Mountain Law: Starting from scratch: Animal liability law | SummitDaily.com

Noah Klug
Mountain Law

Injuries caused by domestic animals other than dogs: In the case of domestic animals other than dogs, Colorado follows the traditional rule which hold that an owner is generally not liable for injuries caused by an animal unless the owner knew or should have known that the animal is vicious or has dangerous propensities. This rule is referred to as the “first bite” rule because it can be difficult to prove that the owner is liable unless the animal has injured someone at least once before.

Dog bites: In the case of dogs, there is a special statute that permits a victim to recover for physical injuries. Unlike under the “first bite rule,” the statute does not require the victim to present evidence about the dog’s vicious or dangerous propensities, or about the owner’s knowledge that the dog might bite. However, if the victim can show that the dog’s owner knew the dog might bite, the victim can seek to have the dog euthanized at the owner’s expense.

The dog statute applies to “any domesticated animal related to the fox, wolf, coyote, or jackal.” The statute permits recovery only for physical injury, not for mental or psychological pain and suffering. The statute permits recovery regardless of whether the injury occurred on private or public land. However, the victim cannot recover if he was trespassing when the injury occurred or if the victim knowingly provoked the animal.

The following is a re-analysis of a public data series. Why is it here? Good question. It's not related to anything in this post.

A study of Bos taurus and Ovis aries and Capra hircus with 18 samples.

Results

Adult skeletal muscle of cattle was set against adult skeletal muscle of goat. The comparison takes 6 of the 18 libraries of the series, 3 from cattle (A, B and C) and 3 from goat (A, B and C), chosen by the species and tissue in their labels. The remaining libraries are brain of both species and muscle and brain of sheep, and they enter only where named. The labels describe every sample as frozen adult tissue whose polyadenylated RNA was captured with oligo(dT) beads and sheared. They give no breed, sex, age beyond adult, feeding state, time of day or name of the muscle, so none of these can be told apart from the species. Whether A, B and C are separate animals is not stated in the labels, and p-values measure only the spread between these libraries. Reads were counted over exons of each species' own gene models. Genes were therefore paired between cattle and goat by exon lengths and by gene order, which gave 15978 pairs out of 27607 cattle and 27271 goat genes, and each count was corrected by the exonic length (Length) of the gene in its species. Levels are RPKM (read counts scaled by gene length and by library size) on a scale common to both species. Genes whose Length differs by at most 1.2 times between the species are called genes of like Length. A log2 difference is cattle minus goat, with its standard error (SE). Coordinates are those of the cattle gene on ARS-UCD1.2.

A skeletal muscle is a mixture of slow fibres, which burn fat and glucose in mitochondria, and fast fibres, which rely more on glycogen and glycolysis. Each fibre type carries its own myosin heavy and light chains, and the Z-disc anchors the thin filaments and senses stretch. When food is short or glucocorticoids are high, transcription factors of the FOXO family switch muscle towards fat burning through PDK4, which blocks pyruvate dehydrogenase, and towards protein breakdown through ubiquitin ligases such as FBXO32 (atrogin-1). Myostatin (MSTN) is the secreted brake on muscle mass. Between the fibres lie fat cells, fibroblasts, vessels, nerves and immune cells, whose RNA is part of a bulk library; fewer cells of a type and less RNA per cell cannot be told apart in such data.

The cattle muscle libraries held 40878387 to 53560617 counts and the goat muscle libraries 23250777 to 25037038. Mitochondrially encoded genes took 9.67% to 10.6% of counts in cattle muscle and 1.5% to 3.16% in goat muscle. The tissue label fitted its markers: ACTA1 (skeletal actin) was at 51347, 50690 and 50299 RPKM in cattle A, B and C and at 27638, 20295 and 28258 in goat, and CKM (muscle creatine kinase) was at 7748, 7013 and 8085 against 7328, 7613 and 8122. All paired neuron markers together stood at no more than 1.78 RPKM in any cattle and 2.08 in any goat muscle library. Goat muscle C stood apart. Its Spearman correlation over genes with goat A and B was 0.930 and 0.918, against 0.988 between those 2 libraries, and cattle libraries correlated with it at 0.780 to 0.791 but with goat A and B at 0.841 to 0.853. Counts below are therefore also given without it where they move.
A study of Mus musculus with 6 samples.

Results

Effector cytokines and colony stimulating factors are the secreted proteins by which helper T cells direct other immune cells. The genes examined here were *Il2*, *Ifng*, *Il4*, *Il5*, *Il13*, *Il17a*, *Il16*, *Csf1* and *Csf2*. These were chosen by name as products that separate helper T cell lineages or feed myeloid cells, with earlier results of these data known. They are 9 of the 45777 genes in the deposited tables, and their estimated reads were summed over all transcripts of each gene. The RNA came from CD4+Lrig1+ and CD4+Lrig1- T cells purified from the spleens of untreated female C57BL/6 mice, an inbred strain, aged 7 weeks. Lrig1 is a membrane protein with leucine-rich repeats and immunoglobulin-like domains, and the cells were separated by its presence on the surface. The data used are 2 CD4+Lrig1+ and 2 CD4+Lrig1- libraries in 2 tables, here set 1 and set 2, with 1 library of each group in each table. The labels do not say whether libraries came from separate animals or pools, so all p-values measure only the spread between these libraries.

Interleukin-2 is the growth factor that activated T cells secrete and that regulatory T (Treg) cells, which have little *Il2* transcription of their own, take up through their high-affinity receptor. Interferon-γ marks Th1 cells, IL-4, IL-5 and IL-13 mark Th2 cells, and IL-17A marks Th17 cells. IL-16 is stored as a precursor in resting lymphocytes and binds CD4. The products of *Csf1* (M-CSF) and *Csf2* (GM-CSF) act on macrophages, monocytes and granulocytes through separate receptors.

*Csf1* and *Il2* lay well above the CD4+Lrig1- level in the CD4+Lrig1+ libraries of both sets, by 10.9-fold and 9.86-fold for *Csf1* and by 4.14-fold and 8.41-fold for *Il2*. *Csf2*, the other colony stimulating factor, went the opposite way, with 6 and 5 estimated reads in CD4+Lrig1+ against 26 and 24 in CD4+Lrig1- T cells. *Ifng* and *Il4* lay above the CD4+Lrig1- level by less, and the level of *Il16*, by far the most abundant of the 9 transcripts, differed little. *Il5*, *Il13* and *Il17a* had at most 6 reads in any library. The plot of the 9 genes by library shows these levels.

Wild animals: A person who harbors a wild animal, which by its nature is vicious and unpredictable, generally will be liable for any injury caused by the animal however the injury occurs. Colorado case law has said that an undomesticated coyote is a wild animal for purposes of this rule. Other types of animals would be analyzed by the courts on a case-by-case basis.

In the case of wild animals kept on display for the public – such as at a zoo – the animal’s owner must take reasonable steps to protect the public from harm. For example, the jury was asked to decide in one case if the Denver Zoo had taken reasonable steps to protect a young girl from being bitten by a zebra when she was able to reach into its cage.

Trespassing animals: If an animal physically injures an owner or member of the household on which the animal is trespassing, the animal’s owner may be liable for the damages regardless of whether the property has a fence. However, a property owner cannot recover for property damage, such as damages to crops, grass, garden or vegetables, caused by trespassing animals unless the property has a fence meeting certain standards. This is known as the “fence out” rule.

Other cases: If an animal does not have dangerous propensities and is not trespassing at the time of the injury, its owner can nonetheless be liable for negligence or negligence per se (which occurs when the owner violates an ordinance with respect to the animal). For example, a rancher was found negligent for damages caused by herding cattle on a public road at night, and the owner of a horse was found negligent per se for allowing the horse to run loose in violation of a local ordinance.

It’s a good idea for animal owners to familiarize themselves with local law and neighborhood covenants to minimize the chances of an animal causing them to be liable for damages. Also, an animal’s owner should listen to neighbors’ concerns about the animal and take reasonable steps to address those concerns, which might prevent future liability.

Noah Klug is principal of The Klug Law Firm, LLC, a general law practice in Summit County emphasizing real estate, business law and litigation. He may be reached at (970)468-4953 or Noah@TheKlugLawFirm.com.